With Protectionism Rising, South-South Trade Retrenches

With Protectionism Rising, South-South Trade Retrenches

Robust economic growth proved to be elusive in the U.S. and Europe over the past decade, but that certainly was not the case across Asia, Africa and Latin America. From 2003 to 2007, developing countries averaged 7.2 percent in annual economic growth. Further indications that developing economies had effectively delinked from the West came in 2010, when dozens of developing countries recovered to near-record rates of growth while the United States and Europe remained hamstrung by financial and debt crises.

China’s rapid industrialization triggered much of this expansion by driving up global commodity prices. In sourcing commodities from other developing nations, China forged a new channel of global commerce, often referred to as South-South trade, that is the strongest proof yet of the emergence of a “post-American world.”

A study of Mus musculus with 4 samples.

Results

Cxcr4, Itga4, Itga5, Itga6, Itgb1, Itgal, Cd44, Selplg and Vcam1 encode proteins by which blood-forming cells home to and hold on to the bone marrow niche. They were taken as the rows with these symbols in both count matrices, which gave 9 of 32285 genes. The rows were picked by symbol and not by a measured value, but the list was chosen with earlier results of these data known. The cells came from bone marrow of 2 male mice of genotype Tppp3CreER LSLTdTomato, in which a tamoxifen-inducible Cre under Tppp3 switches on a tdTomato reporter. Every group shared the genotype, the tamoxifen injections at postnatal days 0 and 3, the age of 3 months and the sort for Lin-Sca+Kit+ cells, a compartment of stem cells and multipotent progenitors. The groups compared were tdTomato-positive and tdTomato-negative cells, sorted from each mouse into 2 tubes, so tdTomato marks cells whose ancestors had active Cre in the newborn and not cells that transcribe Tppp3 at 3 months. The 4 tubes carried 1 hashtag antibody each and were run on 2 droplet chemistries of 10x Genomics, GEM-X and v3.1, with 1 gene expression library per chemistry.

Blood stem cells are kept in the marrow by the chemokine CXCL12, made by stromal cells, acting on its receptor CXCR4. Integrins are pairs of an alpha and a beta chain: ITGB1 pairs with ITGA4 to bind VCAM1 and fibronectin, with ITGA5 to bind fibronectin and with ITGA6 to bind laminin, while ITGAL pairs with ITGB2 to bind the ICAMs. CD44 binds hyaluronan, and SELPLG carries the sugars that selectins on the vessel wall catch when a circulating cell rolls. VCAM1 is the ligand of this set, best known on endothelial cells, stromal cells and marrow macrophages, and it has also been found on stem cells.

The volume of South-South trade is expected to double by 2030, by which time it will comprise more than one-quarter of global commerce. According to forecasts by the United Nations, multinationals and investment banks, the global economy will develop along several lines moving forward. India will eventually emerge as a piston of growth nearly as powerful as present-day China. Trade within Latin America and Africa is expected to surge, as higher long-distance transport costs, improved internal infrastructure and the rise of the global middle class foster the sort of intraregional bonds that have long been neglected. And developing nations will help lead the charge for sustainable development, including novel renewable energy and micro-lending programs.